Break the Cycle of Violence In Central Africa
"Where is the outrage?" asked Bob Dole of supposed goings-on in the Clinton White House. But where is the outrage about the flight of a million Rwandan refugees and the outbreak of yet another tribal conflict in central Africa?
This time the world cannot plead ignorance. It is just two years since 800,000 Tutsis in Rwanda were murdered by Hutu militia in one of history's most spectacular acts of mass murder. The international community did nothing and is paying the price.
As many as 250,000 Hutu killers fled to refugee camps in Zaire and Tanzania, where they have fattened on international aid for two years. The Tutsi government in Rwanda threatened, warned, and pleaded, but the world community merely reduced services in the camps in hopes of forcing the refugees to return home. This hurt women and children but did little to deter the Hutu killers, who stepped up cross-border raids into Rwanda, placed land mines, and channeled weapons to Hutu guerrillas in neighboring Burundi.
The Rwanda government has now spotted an opportunity to drive the guerrillas farther from the border. It has intervened on behalf of ethnic Tutsis, or Banyamulenge, who had lived peacefully in Zaire for generations until they were attacked by the Zairean military two weeks ago.
The conflict has now degenerated into a full-scale war along the length of the border. Panic-stricken refugees are fleeing inland, and it is beginning to look as though the Rwandans plan to wipe out all the refugee camps.
Frightening though this may be, another Rwandan catastrophe was also utterly predictable. Instead of reacting quickly to the 1994 genocide and launching a concerted program to arrest those responsible, the international community dithered.
The United Nations set up a war crimes tribunal in Arusha, Tanzania, but UN chiefs were so indifferent to its needs that several months passed before even a secretary arrived to work with the prosecution team. Even today the tribunal has only four suspects under arrest in Arusha, and now a UN inspector is reportedly investigating its administrator for gross irregularities. This is worse than scandalous: It is an insult to the memory of the dead.
Things are not much better on the other side in Rwanda, where more than 80,000 Hutus languish in appallingly overcrowded jails. Hundreds have died from disease or suffocation, and not one has been formally charged.
Two months ago the Rwandan constitutional court approved a law on genocide that was aimed at giving the genocidaires an incentive to confess - and so unblock the legal impasse. But the draft of the law was toughened up at the last moment on the insistence of relatives of those who were murdered in 1994. Instead of providing a clear incentive to confess, the law expands and blurs the definition of those liable for the death penalty. As a result, almost none of those who fled to Zaire are volunteering to return home. They would sooner take their chances in the chaos of eastern Zaire.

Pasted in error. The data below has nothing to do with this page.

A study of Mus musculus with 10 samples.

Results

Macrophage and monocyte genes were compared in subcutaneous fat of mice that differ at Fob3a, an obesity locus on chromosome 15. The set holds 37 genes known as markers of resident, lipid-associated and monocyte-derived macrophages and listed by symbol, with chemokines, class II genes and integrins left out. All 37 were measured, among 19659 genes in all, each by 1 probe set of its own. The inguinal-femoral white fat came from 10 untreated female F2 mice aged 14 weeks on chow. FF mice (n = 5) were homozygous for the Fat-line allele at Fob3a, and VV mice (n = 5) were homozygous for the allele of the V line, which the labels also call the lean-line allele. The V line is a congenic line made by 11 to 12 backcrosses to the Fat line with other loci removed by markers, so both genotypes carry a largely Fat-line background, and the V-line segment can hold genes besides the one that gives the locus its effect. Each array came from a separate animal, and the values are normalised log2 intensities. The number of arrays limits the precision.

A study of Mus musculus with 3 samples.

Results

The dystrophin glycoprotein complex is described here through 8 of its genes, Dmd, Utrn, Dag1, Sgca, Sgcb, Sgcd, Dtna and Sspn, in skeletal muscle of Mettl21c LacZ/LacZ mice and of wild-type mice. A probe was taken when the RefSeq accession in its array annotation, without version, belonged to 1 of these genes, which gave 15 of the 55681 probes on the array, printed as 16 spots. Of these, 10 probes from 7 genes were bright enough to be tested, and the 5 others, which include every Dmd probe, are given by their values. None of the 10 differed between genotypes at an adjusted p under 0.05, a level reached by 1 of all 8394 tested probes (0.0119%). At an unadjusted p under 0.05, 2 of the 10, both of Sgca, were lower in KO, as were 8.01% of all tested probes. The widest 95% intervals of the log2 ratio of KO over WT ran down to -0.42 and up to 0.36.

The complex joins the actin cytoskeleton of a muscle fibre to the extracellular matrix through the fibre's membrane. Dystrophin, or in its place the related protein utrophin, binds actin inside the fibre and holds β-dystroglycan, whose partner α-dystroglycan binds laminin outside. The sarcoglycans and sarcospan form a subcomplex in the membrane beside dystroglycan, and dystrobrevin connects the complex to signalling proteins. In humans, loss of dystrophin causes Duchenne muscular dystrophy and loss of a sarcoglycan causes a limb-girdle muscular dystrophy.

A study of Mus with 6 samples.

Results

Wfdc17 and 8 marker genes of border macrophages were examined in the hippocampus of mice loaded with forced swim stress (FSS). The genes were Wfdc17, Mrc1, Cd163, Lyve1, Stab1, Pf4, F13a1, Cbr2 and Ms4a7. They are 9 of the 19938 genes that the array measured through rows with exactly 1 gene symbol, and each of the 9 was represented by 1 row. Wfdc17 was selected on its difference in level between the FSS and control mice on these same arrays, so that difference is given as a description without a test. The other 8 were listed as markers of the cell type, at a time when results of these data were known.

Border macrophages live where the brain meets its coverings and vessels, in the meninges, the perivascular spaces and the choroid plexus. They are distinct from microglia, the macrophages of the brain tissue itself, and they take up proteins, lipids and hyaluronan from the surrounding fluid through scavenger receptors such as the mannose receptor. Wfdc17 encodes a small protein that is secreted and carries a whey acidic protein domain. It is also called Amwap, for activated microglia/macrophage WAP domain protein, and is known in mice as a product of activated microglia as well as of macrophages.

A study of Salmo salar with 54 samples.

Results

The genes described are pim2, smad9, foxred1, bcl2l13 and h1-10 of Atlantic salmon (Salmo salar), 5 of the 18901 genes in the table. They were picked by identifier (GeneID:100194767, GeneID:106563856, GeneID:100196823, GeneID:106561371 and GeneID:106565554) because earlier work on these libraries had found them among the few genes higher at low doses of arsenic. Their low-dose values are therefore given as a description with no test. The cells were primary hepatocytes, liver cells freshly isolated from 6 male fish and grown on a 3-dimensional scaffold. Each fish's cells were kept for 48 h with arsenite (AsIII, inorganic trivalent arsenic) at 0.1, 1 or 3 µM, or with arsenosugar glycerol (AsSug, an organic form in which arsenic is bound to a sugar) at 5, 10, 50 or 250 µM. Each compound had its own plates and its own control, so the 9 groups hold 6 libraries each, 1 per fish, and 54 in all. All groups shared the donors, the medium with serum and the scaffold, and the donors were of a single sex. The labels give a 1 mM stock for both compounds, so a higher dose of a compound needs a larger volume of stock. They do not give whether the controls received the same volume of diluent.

Is there any role for the international community in this mess? Clearly, the answer is yes. The refugees must be provided with food and shelter. This will be difficult to achieve during the rainy season, with aid workers pulling out and the Zairean government immobilized by the absence of President Mobutu Sese Seko, in a Swiss hospital. It may well be necessary to provide aid workers with a military escort.
But we should not be looking to peacekeepers - African or other - for a long-term solution. The root of this crisis is still the genocide of 1994. Until this is grasped and resolved, the cycle will not be broken.
With this in mind, the UN should convene an international conference at the highest levels. Its aim should be threefold:
First, endorse a comprehensive regional plan to arrest those who launched the killing and offer moderate sentences to those who confess.
Second, demand some common sense from the Rwandans, who are getting away with murder - literally - and sowing seeds for a never-ending war.
Third, immediately boost the quality and number of staff at the tribunal in Tanzania, discharge its current administrators, and send Louise Arbour, its Canadian prosecutor, out to investigate war criminals confident in the knowledge that she has the support of all governments behind her.
All of this should have been done two years ago. It will be much harder this time around. Zaire has no government to speak of, the killers are dispersing, and the Rwandans will be reluctant to yield their initiative.
But the world simply cannot allow this crisis to continue. Even the thought is outrageous.
*Iain Guest is a senior fellow at the US Institute of Peace in Washington. He visited refugee camps in Tanzania, Burundi, and Zaire this summer.